The Cosmic Background Explorer's observations of diffuse cosmic background radiation helped answer basic questions such as whether the matter in the universe was homogeneously distributed, whether the universe was uniformly expanding and rotating, and how and when stars and galaxies first formed. COBE also mapped interstellar and interplanetary dust clouds.
Originally planned for launch on the Shuttle, COBE was redesigned for launch aboard a Delta 2 following the Challenger disaster. COBE's supply of liquid helium was exhausted in September 1990, causing loss of the FIRAS instrument.
The spacecraft was spin stabilized (0.8 rpm about sunline) using 3 reaction wheels and torque rods. Attitude control knowledge (4 arcmin) was provided by magnetometers, earth sensors, sun sensors, gyros. The satellite consisted of a hexagonal spacecraft bus and a cryostat containing 95.7 kg of liquid helium for cooling sensors. This was protected against solar and terrestrial radiation by a conical shield. Deployable solar panels provided 1050W BOL. Downlink was through the TDRSS relay satellite.
The instrument payload consisted of the Differential Microwave Radiometer (DMR) to check the thermal and structural uniformity of the early universe, the Far Infrared Absolute Spectrometer (FIRAS) and the Diffuse IR Background Experiment (DIRBE), to search for the remnant radiation emitted from the primordial galaxies as they formed.
NASA NSSDC Master Catalog Description
The purpose of the Cosmic Background Explorer (COBE) mission was to take precise measurements of the diffuse radiation between 1 micrometer and 1 cm over the whole celestial sphere. The following quantities were measured: (1) the spectrum of the 3 K radiation over the range 100 micrometers to 1 cm; (2) the anisotropy of this radiation from 3 to 10 mm; and, (3) the spectrum and angular distribution of diffuse infrared background radiation at wavelengths from 1 to 300 micrometers.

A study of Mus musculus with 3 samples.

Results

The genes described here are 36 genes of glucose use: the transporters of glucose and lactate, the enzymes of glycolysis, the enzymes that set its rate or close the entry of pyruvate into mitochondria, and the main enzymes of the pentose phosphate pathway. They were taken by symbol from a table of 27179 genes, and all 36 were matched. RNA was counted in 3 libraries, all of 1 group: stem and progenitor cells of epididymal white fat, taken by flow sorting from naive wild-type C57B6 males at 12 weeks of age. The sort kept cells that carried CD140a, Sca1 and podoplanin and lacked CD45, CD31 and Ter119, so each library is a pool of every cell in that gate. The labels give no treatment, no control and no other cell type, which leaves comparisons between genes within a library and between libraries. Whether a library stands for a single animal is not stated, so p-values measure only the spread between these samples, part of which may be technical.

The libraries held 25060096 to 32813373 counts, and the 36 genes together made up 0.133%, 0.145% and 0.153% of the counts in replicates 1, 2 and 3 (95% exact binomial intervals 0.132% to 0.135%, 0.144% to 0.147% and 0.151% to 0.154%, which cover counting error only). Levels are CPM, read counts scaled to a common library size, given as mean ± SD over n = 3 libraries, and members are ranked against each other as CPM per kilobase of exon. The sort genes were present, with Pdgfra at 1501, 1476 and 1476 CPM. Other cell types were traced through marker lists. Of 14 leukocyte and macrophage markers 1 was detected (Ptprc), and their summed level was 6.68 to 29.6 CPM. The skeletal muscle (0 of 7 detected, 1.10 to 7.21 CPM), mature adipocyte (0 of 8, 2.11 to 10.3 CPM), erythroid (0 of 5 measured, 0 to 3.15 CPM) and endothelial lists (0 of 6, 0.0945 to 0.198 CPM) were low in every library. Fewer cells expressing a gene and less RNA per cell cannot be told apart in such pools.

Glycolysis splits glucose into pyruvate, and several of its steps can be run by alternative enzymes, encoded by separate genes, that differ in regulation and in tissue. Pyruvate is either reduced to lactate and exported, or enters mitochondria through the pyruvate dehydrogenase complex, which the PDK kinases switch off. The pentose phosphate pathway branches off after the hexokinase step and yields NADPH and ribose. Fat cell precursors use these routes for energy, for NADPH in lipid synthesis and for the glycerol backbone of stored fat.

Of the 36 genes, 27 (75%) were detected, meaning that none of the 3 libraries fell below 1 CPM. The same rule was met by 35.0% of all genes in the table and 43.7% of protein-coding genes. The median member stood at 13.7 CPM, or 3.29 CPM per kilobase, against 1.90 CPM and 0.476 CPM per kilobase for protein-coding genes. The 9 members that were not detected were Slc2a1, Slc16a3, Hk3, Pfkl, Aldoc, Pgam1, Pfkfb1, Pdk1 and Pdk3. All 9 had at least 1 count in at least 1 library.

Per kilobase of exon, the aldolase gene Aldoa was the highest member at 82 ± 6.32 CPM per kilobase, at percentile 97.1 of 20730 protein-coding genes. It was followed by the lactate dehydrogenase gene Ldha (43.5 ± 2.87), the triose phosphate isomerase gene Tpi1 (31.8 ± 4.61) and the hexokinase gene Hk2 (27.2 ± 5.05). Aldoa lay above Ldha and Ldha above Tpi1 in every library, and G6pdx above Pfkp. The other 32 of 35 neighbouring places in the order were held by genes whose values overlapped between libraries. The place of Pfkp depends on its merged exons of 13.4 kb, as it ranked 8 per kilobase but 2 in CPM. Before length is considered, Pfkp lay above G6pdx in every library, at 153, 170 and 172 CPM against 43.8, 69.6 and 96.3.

The experiment module contained the instruments and a dewar filled with 650 liters of 1.6 K liquid helium, with a conical sun shade. The base module contained the attitude control, communications and power systems. The satellite rotated at 1 rpm about the axis of symmetry to control systematic errors in the anisotropy measurements and to allow observations of the zodiacal light at various solar elongation angles. The orientation of the spin axis was maintained anti-earth and at 94 degrees to the sun-earth line. The operational orbit was dawn-dusk sun-synchronous so that the sun was always to the side and thus was shielded from the instruments. With this orbit and spin-axis orientation, the instruments performed a complete scan of the celestial sphere every six months.
Instrument operations were terminated 1993-12-23. As of January 1994, engineering operations were to conclude that month, after which operation of the spacecraft would be transferred to Wallops for use as a test satellite.